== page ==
5 Questions to Ask Your Pharmacist to Save Money
In 2008, the United States spent a staggering $234 billion on prescription drugs.
According to the Centers for Disease Control and Prevention, 48 percent of Americans between the ages of 20 and 59 take at least one prescription drug. Among Americans 60 and older, 76 percent use two or more prescription drugs.
Managing your medications can be confusing and expensive. That's why it's important to get to know your pharmacist and to ask questions.
"Pharmacists are the most accessible members of your health care team," says Sophia De Monte, a pharmacy manager in Nesconset, N.Y.
Here are five questions to ask your pharmacist to save money.
1. Does taking this medication mean I can stop taking another medication?
Ask your doctor andpharmacist before you stop taking any prescriptions. Reducing the number of medications you take will save you money because you won't be paying for unnecessary drugs.
Having less medications at home will also reduce your chances of taking the wrong medication and ending up in the emergency room.
It's especially important to talk to your pharmacist after transitioning from a hospital stay to being back home.
"Many people take medications that have too many alternatives. Because of these alternatives, hospitals streamline the selection of drugs stocked and may temporarily change a patient to another alternative when hospitalized," says Norman Tomaka, a consultant pharmacist and health care risk manager in Melbourne, Fla.
This means that when you're discharged, you may receive a new prescription for the drug you received in hospital and take it alongside your previous prescription that you had before you went into hospital.
"(These duplicates) could be harmful," Tomaka says.
2. Can I keep taking my vitamins, herbs, supplements, and over-the-counter medications?
Ask your pharmacist if non-prescription drugs will interfere with your prescription drugs.
What many people don't realize, says Derek Quinn, vice president of Westlake Drug, an independent pharmacy in Portage, Mich, is that vitamins, herbs and supplements are all forms of drugs.
For example, vitamin E has a blood thinning effect. Combining it with a prescription blood thinner like Coumadin may put you at risk for increased bleeding. Increased bleeding can land you in the hospital and even cause death.
3. Can I schedule an appointment to review my medications?
Ask your pharmacist about scheduling a medication therapy management visit.
During the visit, your pharmacist will review of all of your medications and suggest ways to save money.
For example, by switching to a more potent drug, you may be able to reduce the total number of drugs you take.
Your pharmacist can also tell you if switching health insurance plans, including those within Medicare, will lower your medication costs.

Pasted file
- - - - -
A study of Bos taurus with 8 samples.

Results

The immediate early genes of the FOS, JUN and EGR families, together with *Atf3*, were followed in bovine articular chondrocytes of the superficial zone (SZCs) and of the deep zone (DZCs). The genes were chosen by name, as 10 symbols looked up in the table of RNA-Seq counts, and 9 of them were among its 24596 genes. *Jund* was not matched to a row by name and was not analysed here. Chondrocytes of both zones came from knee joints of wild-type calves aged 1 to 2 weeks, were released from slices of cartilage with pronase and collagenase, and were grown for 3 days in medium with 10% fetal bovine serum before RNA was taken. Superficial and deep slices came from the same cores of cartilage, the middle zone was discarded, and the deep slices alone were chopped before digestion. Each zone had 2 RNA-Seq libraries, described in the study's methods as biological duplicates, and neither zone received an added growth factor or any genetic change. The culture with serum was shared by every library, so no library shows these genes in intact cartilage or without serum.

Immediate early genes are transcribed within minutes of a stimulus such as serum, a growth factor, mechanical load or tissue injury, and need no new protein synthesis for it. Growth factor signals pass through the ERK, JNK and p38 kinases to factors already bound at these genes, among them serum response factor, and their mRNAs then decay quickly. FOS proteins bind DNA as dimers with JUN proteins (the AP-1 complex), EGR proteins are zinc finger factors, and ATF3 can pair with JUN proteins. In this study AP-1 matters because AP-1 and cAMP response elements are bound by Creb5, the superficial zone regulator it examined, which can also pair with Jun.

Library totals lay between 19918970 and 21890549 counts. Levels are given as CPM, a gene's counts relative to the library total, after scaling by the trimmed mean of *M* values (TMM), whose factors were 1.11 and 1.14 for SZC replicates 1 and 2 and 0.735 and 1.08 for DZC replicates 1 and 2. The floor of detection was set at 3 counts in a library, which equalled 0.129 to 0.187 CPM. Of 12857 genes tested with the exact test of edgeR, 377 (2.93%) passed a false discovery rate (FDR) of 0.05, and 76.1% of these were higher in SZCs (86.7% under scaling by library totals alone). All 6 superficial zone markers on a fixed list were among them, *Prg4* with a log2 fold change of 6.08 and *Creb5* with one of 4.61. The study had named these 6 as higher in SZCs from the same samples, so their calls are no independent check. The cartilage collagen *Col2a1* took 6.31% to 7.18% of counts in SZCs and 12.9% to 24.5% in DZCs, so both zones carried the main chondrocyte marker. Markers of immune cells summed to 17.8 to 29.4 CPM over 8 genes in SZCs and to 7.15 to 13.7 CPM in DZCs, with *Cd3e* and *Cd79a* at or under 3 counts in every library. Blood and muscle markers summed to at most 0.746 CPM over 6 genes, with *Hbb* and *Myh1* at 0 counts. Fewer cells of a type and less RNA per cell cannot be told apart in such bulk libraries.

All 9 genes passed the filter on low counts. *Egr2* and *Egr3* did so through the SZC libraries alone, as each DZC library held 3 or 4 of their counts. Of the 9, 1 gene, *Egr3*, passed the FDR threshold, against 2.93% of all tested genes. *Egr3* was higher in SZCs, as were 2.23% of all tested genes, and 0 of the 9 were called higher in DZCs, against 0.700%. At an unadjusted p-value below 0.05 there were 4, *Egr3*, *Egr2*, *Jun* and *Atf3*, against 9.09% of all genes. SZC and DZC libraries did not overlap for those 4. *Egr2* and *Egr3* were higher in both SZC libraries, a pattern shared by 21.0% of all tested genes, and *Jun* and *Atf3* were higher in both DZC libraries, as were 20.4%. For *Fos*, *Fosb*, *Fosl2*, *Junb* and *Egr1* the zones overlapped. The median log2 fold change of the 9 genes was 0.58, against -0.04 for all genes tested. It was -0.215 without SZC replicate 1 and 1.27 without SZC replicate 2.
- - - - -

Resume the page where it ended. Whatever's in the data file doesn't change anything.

The Affordable Care Act (also known as Obamacare) expanded medication therapy management for enrollees in Medicare Part D who have multiple chronic diseases and take various prescription drugs covered by the Part D program.
This expansion includes a yearly medication review by a licensed pharmacist or other qualified healthcare provider; either in person, by telephone, or by videoconference.
4. Is there a generic equivalent for this medication?
Ask your pharmacist if a generic drug is available. Generic drugs typically cost 80 to 85 percent less than brand name drugs, and they can be just as effective as brand name drugs.
Generic drugs are required by the Food and Drug Administration (FDA) to have the same active ingredient as the brand name drug. The main differences between generic and brand-name drugs are the inactive ingredients.
For most people, these differences in the inactive ingredients won't cause any problems. For others, like those who take time-release medication, these differences may matter. Be sure to ask your pharmacist about any risks before you make the change to generic.
5. Are there any resources to help me with the cost of my medications?
Ask your pharmacist if there are patient assistance programs in your area. "Many communities have local resources available to patients having problems paying for medications," says Joseph Leonard, a pharmacy manager in Owosso, Mich.
Your pharmacist may know social workers or patient advocates who can assist you with filling out the forms. "Websites like Needy Meds can also help patients find low-cost options for getting their medications," says Vincent Hartzell, president of a family-owned pharmacy in Catasauqua, Pa.
Other tips for building a relationship with your pharmacist
- Take time to find a pharmacist who is engaging and willing to listen to you.
- Use one pharmacy and one pharmacist for all of your medication needs.
- Be patient and flexible. There are peak times during the day when pharmacies are busy. Ask your pharmacist about the best time to come in or call so you'll have his or her full attention.
"Having a healthy and consistent dialogue with your pharmacist is one of the best ways to avoid the high cost of ineffective treatment and poor health," says Jeff McClusky, a pharmacy supervisor in Houston.